A Multi-Step Process Towards Integrating Free and Open Source Software in Engineering Education

A Multi-Step Process Towards Integrating Free and Open Source Software in Engineering Education

DOI: 10.4018/978-1-5225-3707-6.ch008

Abstract

Free and Open Source Software (FOSS) is a phenomenon which has overgrown its software origins. From being viewed as a cheaper software alternative, it has become a fountain head of ideas which are adopted cheerfully by people across many domains. From a collaborative effort to build world's biggest encyclopaedia to artists sharing their works under liberal licences, FOSS has become a reference for global, peer-reviewed, volunteer based production model of creating knowledge commons. With everyone from governments to big corporates displaying keen interest in FOSS, it is high time educationalists too take FOSS into classrooms. The ecology of FOSS is filled with more than just a set of software from which a teacher can choose from. He can bring the rich set of coding practices, licensing options, production model and importantly a different world-view by adopting FOSS in teaching. The benefits for students too are many ranging from using modern tools to participating in real world software development. There are many scholarly papers reporting the innovative use of FOSS in teaching graduate courses. By combining these studies with our experience of delivering courses in FOSS, we present a three-stage process which can be adopted by teachers and institutes to utilise the benefits of FOSS to the fullest.

The freedoms provided to users by Free Software have their roots in academic culture (Foltin et al., 2011). Education system has a long history of practices like distributed development, peer review and revision based on feedback which are also found in FOSS and therefore education sector is but the natural home for FOSS (Carmichael & Honour, 2002). FOSS is attractive to educators because as scientists they are used to share and allow others to modify their ideas (O’Hara & Kay, 2003). Just like scientists are interested in various phenomenons for the case of curiosity, FOSS developers too get involved in projects that interest them. While scientists share their results publicly, FOSS developers too share the source code (Bezroukov, 1999). So, FOSS should be the natural choice of educators.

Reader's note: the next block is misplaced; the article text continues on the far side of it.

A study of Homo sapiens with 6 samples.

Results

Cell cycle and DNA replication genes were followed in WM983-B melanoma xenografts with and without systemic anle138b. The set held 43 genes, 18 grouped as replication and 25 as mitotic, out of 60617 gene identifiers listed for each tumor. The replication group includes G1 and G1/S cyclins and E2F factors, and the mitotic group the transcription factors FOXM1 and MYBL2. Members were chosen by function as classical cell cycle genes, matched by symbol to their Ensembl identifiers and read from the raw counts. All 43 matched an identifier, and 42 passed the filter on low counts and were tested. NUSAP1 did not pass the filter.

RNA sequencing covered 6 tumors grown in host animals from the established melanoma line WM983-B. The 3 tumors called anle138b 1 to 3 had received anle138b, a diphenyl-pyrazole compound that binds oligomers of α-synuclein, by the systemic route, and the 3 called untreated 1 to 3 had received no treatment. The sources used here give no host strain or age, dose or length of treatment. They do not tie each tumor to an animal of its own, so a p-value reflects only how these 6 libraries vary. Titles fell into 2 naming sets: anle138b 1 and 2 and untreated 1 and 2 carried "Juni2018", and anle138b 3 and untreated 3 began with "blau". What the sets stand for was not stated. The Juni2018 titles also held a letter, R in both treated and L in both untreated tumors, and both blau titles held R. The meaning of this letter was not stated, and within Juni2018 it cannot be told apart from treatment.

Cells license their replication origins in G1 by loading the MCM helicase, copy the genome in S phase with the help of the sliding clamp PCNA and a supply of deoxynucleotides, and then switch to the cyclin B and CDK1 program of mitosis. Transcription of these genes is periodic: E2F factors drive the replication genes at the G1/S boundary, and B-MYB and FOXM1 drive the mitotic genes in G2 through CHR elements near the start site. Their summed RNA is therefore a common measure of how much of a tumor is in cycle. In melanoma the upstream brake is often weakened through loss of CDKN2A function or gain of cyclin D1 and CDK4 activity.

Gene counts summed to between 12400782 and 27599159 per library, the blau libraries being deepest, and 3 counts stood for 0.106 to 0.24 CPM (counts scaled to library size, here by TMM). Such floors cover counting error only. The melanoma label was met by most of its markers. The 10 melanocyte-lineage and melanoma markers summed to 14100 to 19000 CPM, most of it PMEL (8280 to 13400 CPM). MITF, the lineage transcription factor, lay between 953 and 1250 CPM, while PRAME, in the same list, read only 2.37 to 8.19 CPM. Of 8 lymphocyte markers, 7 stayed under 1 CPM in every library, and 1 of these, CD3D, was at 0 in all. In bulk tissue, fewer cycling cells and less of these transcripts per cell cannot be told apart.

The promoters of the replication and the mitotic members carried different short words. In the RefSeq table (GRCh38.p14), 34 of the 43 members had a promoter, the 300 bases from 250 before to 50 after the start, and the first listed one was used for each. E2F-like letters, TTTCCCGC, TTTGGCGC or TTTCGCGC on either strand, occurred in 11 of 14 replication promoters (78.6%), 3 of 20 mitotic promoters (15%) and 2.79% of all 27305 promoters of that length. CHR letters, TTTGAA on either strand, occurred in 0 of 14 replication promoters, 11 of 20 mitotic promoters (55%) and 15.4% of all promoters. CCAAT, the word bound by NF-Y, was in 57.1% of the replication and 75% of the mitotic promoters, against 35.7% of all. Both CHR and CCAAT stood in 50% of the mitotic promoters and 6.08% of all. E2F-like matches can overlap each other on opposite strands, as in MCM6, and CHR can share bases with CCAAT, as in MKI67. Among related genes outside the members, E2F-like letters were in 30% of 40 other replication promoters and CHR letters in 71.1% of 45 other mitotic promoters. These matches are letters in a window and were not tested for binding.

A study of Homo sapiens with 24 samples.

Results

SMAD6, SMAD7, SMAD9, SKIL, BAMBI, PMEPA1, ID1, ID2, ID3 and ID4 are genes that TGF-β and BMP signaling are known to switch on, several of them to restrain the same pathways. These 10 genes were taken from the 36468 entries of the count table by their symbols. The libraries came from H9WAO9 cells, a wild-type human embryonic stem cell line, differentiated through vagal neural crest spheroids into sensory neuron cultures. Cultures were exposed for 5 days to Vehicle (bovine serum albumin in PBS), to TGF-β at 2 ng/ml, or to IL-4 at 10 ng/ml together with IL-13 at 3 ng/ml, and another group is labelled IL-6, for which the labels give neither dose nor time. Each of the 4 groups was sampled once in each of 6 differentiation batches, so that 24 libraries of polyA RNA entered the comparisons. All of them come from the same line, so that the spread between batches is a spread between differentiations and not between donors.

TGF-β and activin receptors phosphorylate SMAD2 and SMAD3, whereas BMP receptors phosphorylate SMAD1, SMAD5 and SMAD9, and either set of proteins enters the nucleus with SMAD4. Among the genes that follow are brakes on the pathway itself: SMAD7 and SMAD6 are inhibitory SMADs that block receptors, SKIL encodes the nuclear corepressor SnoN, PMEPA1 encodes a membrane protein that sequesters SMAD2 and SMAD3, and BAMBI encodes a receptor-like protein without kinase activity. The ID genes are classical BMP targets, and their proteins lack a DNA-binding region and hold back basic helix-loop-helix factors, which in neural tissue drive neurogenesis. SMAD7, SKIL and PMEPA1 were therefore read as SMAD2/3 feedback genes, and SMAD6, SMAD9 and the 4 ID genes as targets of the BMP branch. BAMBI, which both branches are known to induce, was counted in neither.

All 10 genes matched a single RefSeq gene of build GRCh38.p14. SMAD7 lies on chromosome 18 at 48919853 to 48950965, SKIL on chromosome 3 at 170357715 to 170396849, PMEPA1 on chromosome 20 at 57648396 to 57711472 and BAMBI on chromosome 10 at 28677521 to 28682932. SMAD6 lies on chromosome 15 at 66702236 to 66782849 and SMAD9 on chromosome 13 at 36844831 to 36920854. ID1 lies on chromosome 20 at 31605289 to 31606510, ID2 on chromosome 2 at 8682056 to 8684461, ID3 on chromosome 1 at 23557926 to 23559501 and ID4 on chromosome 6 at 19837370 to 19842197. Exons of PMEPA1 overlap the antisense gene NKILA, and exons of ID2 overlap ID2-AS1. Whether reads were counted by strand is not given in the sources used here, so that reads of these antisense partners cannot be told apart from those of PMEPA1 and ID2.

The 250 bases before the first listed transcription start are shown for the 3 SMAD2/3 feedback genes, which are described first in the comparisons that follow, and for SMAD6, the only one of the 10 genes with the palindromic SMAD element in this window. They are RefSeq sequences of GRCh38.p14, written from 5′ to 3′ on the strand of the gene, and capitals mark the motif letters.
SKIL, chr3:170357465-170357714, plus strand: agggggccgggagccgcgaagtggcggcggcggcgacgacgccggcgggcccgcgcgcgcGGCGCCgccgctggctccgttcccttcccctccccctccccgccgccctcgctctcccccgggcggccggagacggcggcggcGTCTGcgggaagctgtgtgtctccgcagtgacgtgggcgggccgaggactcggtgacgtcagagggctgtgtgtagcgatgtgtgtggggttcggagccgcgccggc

The utilitarian idea of teaching is often reflected upon and a writer comments it is strange to convince educators that it is good to share information. Educators should use FOSS because software industry discriminates access to software on economic grounds.

Figure 1.

The process of integration FOSS in education

As software forms important part of knowledge in modern age, it should not be allowed to be dominated by commercial players. Hence using FOSS becomes not merely an economic but moral obligation for teachers (Hart, 2003).

There is rich literature available on why and how of FOSS usage in educational institutes. UNDP published a primer on FOSS in education discussing various issues like the potential benefits of using FOSS, various FOSS tools for common academic and administrative usage and legal issues which should be considered while switching over to FOSS (Tong, 2004). But introducing FOSS in institutes can be long and daunting experience for educators as there is FUD (Fear, Uncertainty and Doubt) surrounding FOSS usage. Therefore, we propose a three step process for integrating FOSS in education system. We focus on Engineering education as we are involved in this sector but we hope this approach can be customised to other domains as well. The process is depicted in Figure 1 and is detailed in the following sections.